On the two candidates’ websites, Obama saw a drop of 28 percent in traffic over the last month, Compete’s numbers show. During the same time, McCain saw a rise of 3 percent. Again, to be clear, Obama’s traffic is still more than double that of McCain’s, but a 28 percent drop is significant.
Candidate FaceTime, which measure the total time voters spent online with each candidate through various popular sites, is an even more compelling chart. It shows that while Obama controlled 92 percent of the online FaceTime in May to McCain’s 7 percent (Ralph Nader had 1 percent), in July, Obama “only” had 73 percent while McCain surged to 26 percent.
While McCain takes quite a few hits for his lack of computer prowess, his campaign is at least starting to understand that it needs to use the web in a successful 21st century campaign. McCain’s use of YouTube might not be as trendy as Obama being the most followed user on the micro-messaging service Twitter, but YouTube’s reach goes far beyond that of Twitter, which most of the country has never heard of still.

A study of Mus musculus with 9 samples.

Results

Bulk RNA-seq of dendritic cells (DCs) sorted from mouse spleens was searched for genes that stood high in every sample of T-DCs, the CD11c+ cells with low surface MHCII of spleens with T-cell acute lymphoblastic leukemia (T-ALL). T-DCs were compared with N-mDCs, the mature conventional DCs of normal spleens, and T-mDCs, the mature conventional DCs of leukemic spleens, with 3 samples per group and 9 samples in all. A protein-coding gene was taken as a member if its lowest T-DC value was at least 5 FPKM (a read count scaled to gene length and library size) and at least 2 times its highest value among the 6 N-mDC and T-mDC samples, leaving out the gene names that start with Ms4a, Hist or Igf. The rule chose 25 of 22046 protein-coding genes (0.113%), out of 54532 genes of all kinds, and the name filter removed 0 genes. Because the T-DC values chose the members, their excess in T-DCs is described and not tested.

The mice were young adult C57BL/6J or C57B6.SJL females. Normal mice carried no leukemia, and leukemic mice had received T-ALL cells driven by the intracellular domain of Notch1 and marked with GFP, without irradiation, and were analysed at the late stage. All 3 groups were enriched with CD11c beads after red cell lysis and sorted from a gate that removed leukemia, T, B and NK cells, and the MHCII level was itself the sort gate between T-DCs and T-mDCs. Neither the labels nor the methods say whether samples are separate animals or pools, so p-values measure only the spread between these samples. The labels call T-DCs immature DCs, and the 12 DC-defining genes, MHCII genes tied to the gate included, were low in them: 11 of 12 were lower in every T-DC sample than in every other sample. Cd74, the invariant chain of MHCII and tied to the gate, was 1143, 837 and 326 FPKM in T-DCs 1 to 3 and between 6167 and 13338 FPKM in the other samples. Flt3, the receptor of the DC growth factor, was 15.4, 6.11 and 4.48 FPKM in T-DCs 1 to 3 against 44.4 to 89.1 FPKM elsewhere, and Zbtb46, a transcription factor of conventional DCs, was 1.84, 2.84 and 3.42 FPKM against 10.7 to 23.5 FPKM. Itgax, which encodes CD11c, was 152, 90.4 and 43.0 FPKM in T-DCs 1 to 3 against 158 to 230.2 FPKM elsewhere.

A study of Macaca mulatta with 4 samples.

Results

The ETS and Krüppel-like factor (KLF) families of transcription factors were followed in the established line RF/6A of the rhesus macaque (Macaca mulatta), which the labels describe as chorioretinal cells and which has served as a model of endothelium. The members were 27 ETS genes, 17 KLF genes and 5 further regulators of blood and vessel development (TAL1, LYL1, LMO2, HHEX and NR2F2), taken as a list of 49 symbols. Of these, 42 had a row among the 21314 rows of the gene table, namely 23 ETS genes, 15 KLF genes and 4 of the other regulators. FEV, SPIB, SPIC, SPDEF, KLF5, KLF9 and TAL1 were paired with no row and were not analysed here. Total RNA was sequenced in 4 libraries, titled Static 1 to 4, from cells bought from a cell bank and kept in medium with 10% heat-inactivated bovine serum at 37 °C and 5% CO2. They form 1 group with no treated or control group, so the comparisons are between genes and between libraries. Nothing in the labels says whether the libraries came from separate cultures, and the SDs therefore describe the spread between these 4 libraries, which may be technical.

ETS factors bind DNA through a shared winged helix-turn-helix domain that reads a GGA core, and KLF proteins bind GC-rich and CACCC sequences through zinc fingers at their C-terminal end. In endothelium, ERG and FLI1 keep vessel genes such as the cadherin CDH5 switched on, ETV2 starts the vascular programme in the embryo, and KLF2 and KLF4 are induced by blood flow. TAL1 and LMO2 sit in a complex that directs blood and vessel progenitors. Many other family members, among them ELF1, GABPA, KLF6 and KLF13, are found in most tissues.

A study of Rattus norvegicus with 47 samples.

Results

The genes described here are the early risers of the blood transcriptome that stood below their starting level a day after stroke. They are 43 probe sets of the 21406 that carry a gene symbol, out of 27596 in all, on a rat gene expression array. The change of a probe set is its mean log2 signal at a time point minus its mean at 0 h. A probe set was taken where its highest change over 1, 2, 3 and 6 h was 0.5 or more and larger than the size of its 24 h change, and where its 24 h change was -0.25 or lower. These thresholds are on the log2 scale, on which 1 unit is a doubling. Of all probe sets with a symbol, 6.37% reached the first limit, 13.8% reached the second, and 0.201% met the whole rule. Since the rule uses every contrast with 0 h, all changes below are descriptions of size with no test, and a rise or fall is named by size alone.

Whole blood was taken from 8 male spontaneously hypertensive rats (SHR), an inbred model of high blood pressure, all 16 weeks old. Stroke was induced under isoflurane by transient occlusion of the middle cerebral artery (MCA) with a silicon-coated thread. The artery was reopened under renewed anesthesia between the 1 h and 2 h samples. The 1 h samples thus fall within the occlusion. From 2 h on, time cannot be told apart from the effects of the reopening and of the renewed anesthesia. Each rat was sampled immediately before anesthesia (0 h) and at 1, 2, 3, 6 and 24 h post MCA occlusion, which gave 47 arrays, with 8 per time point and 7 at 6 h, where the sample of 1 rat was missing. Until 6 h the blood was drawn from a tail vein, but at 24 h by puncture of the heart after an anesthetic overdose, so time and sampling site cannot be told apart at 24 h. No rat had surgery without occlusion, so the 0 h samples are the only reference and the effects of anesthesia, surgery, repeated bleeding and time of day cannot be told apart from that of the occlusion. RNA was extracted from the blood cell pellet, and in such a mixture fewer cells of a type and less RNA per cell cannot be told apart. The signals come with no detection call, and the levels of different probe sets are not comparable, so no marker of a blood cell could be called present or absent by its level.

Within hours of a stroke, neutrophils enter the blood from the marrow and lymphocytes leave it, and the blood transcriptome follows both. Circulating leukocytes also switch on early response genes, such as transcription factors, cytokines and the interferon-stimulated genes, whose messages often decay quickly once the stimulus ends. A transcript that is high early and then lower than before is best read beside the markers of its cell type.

Celebrity heiress Paris Hilton making fun of McCain in a recent FunnyOrDie video (embedded below) may have also helped his online visibility. There is no such thing as bad press, especially online, after all.
More seriously, McCain also recently laid out his own tech policy proposal, something which people had been waiting for since Obama did the same last year.
The narrowing gap online is also at least somewhat reflective of recent voting polls, which suggest McCain has cut a once double-digit deficit to within the margin of error (meaning it’s a virtual tie as to who would win the election if voting was today).